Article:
Why Political Ads on Xbox Live Are Good For Gamers

August 28, 2012 by  
Filed under Every thing you Need to Know

The recent reappearance of political ads on the Xbox Live dashboard has caused some consternation among gamers. this is entirely understandable—gaming has generally been removed from the annoyance of presidential campaigning, and in a wider sense, it’s treated as an escape from the issues of the world. That’s why I like the imposition of presidential ads onto the Xbox Live service. Gaming isn’t a consequence-free escape.

this is because playing video games is an inherently political act.

now, I don’t necessarily mean that gaming relates to the election of the American president. It probably doesn’t in any meaningful sense. But I do mean that gaming is connected to the real world, and games have meaning for their players, for players’ households, for the economy, and for the environment.

I’m not just talking about political messages in games, although the Call Of Duty and calls to deal with climate change in Fate Of The World do count for that. I’m talking about time—there’s an opportunity cost to playing games. that means when you play, there are things you’re not doing, like volunteering or cleaning or spending (non-gaming) time with housemates and family. And there isn’t anything wrong with that if that’s what you think is best—this gamer often prefers it—but it’s something to be aware of. And, of course, there’s the monetary cost. Buying consoles and brand new, $60 games isn’t something that everyone can afford.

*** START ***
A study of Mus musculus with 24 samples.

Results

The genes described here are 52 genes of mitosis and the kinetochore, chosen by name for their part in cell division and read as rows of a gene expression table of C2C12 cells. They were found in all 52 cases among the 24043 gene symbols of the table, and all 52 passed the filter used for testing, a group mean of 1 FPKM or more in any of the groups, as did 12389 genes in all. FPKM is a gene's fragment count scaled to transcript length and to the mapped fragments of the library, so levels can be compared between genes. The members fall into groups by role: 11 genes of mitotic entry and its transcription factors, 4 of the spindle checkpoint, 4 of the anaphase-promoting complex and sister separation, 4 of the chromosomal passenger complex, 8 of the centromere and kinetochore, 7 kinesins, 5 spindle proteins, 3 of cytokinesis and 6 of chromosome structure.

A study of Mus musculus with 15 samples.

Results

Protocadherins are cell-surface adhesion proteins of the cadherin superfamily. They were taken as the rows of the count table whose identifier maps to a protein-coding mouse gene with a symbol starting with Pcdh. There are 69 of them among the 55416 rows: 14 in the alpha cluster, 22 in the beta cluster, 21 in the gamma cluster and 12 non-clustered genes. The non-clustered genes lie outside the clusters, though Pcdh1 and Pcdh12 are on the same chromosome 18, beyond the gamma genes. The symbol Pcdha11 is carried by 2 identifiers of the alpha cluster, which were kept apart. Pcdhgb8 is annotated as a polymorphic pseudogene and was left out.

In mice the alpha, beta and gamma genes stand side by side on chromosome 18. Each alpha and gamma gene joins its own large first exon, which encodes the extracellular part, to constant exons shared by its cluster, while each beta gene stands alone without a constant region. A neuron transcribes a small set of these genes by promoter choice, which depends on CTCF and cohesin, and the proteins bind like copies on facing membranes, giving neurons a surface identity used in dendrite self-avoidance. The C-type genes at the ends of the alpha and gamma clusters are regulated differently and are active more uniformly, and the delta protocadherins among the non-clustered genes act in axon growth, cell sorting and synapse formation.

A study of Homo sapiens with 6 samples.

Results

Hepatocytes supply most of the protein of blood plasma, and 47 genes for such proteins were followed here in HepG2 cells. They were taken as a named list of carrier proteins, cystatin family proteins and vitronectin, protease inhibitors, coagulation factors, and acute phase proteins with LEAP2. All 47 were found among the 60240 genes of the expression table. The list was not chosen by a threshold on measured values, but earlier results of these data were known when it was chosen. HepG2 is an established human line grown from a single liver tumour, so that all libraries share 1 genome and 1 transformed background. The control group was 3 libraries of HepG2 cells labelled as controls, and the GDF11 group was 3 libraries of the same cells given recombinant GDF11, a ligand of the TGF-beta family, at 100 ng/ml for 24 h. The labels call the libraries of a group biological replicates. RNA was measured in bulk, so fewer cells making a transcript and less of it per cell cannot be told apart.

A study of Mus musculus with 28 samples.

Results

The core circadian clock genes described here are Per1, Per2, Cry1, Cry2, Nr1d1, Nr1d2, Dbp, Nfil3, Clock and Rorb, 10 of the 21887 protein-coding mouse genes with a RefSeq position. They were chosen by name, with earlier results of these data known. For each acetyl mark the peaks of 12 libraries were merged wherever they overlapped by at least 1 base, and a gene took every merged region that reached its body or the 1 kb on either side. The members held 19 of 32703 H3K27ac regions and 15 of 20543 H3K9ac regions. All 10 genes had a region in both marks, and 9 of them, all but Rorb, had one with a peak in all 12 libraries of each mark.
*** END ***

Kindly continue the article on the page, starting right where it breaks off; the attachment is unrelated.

Video game purchases also affect the national and world economy. unless you’re lucky enough to have a local small business that sells you games, you’re probably buying from a major and/or non-local corporation, meaning that money doesn’t get reinvested in the local economy. And many of those major corporations have their own interests, which often run counter to gamers’: just look at the regular controversies over digital rights management, or the tug-of-war about what makes for appropriate downloadable content strategies, or at a political level, which companies support net neutrality or anti-piracy measures like SOPA.

Finally, gaming requires physical objects, whose creation dramatically affects the world around them. for example, the recent exposés of Chinese manufacturing giant Foxconn’s abuses of employees ended up being treated as an Apple-specific issue, but Foxconn is much bigger than just that. with computer components, iOS devices, Xbox 360s and Playstation 3s, they’re involved in the creation of most of the world’s most popular game devices.

Manufacturing electronics isn’t just an issue in terms of workers’ rights, though. It also affects the environment. The heavy metals used in the process have major negative environmental impact, polluting both water and earth. They’re also often mined in areas like the Congo, where the money and power of the foreign corporations often acts as a destabilizing force, leading to war and catastrophe.

I’m not writing this to tell people not to play games, or to declare that the entire industry is evil. Video gaming can lead to good and important consequences, and it’s entirely possible for many negative aspects of it to be fixed. what I am saying is that, as easy as it may be to get lost in playing a great game, it, and you, are still connected to the world. Political ads on Xbox Live can puncture that bubble of escapism, and that’s a good thing…even if it is also an annoying thing.